Oilfield services company Schlumberger announced Thursday that its subsea arm has received a contract from Chevron to provide an integrated subsea production and multiphase boosting system for the deepwater Anchor field in the US Gulf of Mexico.
The engineering, procurement and construction (EPC) award will see OneSubsea supply vertical monobore production trees and multiphase flowmeters rated up to 20,000 pounds per square inch (psi) – an industry first, Schlumberger said.
OneSubsea will also deliver production manifolds and an integrated manifold multiphase pump station rated to 16,500 psi, subsea controls and distribution, according to Schlumberger, who revealed today that the contract was awarded back in March.
The subsea equipment for the Anchor project is covered under the 20-year subsea equipment and services master order for Chevron’s development projects in the Gulf of Mexico.
Chevron, as operator with a 62.86% stake in the Anchor project, announced the final investment decision (FID) for the $5.7 billion ultra-high pressure deepwater development earlier today. Its partner Total holds the remaining 37.14% working interest in the project.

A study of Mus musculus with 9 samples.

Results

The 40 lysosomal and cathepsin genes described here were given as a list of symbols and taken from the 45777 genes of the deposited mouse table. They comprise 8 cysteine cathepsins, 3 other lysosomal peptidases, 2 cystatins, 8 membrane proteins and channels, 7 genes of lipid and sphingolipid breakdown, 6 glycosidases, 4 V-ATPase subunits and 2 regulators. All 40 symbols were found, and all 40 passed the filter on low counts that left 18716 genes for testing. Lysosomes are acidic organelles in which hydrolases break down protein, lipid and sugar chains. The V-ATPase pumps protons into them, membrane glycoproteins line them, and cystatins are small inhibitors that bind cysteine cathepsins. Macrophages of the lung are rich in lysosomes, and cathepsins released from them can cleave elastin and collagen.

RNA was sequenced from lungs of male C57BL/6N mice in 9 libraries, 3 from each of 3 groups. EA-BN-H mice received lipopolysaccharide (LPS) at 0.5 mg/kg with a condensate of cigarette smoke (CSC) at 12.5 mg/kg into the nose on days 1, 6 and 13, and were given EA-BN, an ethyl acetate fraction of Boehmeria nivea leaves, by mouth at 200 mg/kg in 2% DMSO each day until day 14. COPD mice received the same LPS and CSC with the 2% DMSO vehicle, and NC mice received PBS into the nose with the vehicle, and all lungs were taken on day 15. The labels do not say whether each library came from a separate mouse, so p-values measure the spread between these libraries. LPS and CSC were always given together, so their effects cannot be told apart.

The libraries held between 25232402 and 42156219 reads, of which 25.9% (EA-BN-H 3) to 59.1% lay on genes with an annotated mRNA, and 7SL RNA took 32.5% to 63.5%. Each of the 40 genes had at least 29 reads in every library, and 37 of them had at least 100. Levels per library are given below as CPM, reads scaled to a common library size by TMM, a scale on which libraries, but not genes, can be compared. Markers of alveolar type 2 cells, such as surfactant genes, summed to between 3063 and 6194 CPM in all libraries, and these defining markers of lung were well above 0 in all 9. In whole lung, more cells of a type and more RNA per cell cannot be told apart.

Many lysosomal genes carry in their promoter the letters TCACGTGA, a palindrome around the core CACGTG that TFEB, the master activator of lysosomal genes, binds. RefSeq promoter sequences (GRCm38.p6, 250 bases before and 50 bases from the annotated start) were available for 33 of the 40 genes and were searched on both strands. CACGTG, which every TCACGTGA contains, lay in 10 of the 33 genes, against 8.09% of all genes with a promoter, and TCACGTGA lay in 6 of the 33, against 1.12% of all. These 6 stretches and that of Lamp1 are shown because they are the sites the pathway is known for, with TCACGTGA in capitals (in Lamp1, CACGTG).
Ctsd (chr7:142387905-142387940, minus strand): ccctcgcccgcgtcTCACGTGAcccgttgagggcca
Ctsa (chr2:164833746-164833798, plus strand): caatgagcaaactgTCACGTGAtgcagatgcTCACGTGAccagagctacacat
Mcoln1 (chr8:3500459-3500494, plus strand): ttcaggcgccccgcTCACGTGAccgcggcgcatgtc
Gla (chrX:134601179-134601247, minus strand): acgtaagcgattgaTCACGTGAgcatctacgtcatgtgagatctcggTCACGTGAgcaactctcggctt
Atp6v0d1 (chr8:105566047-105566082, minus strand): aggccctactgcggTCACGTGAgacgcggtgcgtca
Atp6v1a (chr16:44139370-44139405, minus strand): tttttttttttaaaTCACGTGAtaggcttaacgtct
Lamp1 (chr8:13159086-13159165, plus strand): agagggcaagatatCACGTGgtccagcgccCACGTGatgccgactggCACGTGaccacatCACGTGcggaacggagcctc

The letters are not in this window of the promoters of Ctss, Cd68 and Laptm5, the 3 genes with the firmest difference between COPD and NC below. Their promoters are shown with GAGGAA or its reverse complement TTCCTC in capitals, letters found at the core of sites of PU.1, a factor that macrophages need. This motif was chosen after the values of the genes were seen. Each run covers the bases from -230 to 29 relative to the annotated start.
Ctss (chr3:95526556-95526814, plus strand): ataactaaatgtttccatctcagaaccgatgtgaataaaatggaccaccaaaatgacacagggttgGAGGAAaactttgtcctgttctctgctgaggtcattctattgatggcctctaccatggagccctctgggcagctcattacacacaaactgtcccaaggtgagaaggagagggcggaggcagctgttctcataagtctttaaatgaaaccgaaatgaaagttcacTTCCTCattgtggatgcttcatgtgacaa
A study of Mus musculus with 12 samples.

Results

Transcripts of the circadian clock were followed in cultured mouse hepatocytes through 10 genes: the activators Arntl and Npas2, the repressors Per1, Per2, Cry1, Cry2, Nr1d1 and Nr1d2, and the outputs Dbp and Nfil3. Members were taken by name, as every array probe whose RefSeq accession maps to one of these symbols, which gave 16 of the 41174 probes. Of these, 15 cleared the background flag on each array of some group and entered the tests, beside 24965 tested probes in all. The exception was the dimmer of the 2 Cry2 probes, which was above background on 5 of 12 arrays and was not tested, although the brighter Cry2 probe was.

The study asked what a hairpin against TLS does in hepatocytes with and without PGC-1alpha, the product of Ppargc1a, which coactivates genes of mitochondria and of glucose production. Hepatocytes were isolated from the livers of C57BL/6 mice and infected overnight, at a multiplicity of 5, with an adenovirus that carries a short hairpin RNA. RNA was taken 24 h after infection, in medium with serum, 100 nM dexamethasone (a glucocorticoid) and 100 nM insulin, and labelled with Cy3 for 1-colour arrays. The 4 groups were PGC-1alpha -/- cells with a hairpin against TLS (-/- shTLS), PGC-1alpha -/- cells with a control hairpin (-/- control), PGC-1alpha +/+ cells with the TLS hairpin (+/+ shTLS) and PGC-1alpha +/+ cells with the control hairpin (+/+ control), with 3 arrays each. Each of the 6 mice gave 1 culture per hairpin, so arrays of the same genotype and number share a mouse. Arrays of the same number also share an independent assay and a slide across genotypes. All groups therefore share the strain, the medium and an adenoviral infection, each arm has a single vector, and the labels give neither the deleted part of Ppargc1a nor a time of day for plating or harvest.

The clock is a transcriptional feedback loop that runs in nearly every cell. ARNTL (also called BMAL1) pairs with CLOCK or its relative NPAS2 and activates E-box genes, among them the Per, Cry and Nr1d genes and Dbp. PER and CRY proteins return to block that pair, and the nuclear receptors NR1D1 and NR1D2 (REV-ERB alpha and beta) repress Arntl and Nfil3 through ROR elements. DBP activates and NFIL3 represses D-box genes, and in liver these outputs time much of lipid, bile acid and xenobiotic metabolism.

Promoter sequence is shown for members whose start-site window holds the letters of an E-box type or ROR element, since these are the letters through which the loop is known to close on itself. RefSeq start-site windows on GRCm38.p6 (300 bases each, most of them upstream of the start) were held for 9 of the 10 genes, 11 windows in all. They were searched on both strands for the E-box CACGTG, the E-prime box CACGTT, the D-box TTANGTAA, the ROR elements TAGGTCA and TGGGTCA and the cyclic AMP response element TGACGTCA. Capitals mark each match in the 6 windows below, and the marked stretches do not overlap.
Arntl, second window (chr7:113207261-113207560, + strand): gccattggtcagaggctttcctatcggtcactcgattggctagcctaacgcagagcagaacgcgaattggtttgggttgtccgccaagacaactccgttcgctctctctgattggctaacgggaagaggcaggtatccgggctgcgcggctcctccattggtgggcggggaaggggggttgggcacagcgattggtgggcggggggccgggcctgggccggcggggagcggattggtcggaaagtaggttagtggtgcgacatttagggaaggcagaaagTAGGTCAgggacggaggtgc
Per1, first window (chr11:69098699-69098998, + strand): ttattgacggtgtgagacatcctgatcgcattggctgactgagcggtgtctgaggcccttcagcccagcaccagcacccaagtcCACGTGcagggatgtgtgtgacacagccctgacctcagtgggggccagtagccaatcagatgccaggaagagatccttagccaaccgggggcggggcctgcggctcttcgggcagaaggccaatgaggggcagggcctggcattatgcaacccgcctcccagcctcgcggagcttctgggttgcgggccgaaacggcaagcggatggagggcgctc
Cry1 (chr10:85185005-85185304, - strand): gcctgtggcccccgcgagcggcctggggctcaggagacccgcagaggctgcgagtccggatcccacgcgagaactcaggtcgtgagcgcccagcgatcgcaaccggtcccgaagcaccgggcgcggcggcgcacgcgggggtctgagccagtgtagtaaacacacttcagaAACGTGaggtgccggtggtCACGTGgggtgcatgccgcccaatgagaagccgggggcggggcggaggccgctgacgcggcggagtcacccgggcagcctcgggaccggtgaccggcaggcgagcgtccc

The first phase will encompass a seven-well subsea development tied to a semisubmersible floating production unit (FPU) with planned design capacity of 75,000 barrels of crude oil and 28 million cubic feet of natural gas per day. First oil is expected in 2024.
Justin Rostant, an analyst with Wood Mackenzie’s Gulf of Mexico team, expects that the Anchor FID will “kickstart the next wave of investments in US Gulf of Mexico.”
“Anchor is the first of three 20,000 psi projects that Wood Mackenzie expects to reach FID within the next 18 months,” he said.
“We estimate that these three projects combined hold approximately 1 billion barrels of oil equivalent in reserves and will require over $10 billion of capital investments.”